Where have all the rental properties gone?

Where have all the rental properties gone?

According to new data from the Association of Residential Letting Agents, the supply of rental accommodation is the lowest since records began a year ago, while demand for accommodation rose slightly in January 2015.

After a period of gentle decline, the number of properties registered per letting agent branch dropped by 5% to 172 in January –10 fewer than in December.

Regional winners and losers

Supply in Scotland stands above the national average, with 280 properties available per member branch, while the supply of rental properties in London is 59 per cent less, with only 116 properties per branch. However, the capital has seen a slight increase in the number of properties available over the last month, rising from 108 in December 2015.

Demand for accommodation

Demand for rental accommodation picked up in January following a seasonal lull in December, with an average of 31 prospective tenants now registered per branch. However, it has not returned to the high levels reported in January and February last year, when there were 38 and 40 tenants registered per branch respectively.

In line with growing demand, the number of agents reporting rent hikes for tenants increased in January, with three in ten (30 per cent) reporting an increase in rent – the highest since September 2015.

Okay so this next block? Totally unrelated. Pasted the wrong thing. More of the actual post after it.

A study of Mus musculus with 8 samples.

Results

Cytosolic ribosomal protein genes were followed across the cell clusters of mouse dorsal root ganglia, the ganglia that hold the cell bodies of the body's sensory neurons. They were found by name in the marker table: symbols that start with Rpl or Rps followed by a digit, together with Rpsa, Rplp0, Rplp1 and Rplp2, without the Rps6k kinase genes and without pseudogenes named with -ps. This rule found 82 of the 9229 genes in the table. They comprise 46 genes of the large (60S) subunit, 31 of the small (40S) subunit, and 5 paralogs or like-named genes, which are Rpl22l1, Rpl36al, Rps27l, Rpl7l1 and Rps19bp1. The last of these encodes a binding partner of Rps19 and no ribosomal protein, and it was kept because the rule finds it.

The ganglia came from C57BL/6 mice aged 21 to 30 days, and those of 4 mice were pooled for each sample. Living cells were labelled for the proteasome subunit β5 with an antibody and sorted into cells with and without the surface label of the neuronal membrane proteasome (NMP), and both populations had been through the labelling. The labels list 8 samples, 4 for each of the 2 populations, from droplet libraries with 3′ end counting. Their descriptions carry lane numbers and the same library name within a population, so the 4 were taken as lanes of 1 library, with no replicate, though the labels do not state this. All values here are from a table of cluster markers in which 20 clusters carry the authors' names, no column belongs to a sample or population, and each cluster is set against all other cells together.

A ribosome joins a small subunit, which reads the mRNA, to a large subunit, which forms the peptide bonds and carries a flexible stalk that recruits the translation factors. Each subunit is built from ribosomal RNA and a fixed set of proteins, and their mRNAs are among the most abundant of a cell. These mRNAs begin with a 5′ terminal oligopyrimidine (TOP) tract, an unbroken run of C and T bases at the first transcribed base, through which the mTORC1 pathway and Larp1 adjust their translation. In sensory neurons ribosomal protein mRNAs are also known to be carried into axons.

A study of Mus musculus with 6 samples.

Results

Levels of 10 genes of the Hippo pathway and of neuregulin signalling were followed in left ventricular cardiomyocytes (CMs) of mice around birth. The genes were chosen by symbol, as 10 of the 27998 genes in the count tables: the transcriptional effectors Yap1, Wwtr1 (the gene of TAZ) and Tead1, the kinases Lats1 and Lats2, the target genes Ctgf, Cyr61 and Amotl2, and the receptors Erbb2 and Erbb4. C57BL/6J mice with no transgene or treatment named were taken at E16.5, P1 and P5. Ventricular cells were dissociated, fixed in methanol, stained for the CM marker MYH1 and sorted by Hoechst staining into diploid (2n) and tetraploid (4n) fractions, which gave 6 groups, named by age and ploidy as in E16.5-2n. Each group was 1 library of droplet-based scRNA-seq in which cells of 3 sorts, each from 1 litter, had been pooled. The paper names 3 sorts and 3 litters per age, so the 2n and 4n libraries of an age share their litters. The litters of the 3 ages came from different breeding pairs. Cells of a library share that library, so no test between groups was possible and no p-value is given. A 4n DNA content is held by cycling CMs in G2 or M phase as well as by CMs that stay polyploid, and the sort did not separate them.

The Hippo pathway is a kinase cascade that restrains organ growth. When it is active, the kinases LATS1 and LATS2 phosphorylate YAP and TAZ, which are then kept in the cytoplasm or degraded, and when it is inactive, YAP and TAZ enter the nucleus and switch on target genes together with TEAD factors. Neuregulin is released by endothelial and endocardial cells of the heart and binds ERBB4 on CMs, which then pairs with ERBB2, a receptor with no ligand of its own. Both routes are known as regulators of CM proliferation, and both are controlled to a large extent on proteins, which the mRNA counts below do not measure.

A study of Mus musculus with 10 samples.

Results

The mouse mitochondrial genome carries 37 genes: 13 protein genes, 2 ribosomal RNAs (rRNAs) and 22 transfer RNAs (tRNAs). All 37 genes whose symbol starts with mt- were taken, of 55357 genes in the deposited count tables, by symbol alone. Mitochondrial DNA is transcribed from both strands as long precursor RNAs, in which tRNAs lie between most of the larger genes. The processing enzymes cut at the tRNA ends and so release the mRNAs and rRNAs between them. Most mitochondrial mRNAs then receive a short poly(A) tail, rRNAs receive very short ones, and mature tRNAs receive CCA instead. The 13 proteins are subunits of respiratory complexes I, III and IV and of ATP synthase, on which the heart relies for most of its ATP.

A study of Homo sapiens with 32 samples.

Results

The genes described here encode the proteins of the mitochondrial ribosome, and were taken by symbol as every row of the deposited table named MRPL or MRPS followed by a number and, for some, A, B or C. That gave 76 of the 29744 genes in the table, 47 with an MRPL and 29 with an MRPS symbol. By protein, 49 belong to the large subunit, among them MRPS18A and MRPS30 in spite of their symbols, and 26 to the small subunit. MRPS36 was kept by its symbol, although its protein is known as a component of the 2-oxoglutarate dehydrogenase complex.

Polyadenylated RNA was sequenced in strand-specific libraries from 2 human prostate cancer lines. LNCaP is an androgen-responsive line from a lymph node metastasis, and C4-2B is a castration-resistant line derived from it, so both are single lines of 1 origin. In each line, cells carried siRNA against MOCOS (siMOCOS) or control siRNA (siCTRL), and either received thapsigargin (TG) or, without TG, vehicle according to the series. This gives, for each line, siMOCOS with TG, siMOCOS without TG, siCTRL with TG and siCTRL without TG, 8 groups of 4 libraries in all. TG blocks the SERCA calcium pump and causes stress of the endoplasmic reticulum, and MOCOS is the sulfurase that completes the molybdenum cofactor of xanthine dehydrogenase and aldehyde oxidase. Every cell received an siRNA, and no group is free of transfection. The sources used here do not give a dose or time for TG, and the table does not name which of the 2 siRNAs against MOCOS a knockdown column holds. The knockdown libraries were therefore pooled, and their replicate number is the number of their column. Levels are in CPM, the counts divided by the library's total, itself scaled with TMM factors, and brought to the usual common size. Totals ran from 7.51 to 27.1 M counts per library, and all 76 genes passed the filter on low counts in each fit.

David Cox, managing director, Association of Residential Letting Agents (ARLA) said: “Supply of housing continues to be a problem and tenants bear the brunt of this with more people competing for properties at higher prices. The majority of tenants find that it is impossible to save very much at the end of the month to put towards buying their own home. Our recent Cost of Renting report2 found that a fifth of those renting in the UK do not expect to ever be able to afford to buy a home, and unless we act soon to build more properties, this number will only get higher.

Upcoming stamp duty changes on additional residential properties

Nearly two-thirds (63 per cent) of ARLA members think the Chancellor’s stamp duty reforms for buy-to-let (BTL) properties will push landlords out of the market, which will in turn cause supply to drop further – and nearly six in ten (58 per cent) believe the reforms will push up rent costs.

However, nearly half (47 per cent) of ARLA agents reported that they have seen an uplift in interest from buyers looking to invest in BTL properties before the 1st April – a rise from 24 per cent from last month.

David Cox continues: “A few weeks into the new-year and the April deadline for the stamp duty surcharge is looming and interest from buyers looking to invest in buy-to-let properties and beat the deadline is ramping up. The final details of the new tax will be revealed at the Budget in March but we are not expecting to see the Government back down on this policy. The findings from our members echo our concerns that efforts to penalise buy-to-let landlords will ultimately impact those entering and currently in the rental market, as by increasing rents landlords will seek to recoup their costs. Rent costs are already rising exponentially, and tenants are feeling the strain of a crowded marketplace. We just need more houses; it’s as simple as that.”


Any views from outside the M25? No wonder politicians can't get the housing big picture when everyone seems to think that London is the yard stick, when it absolutely is not.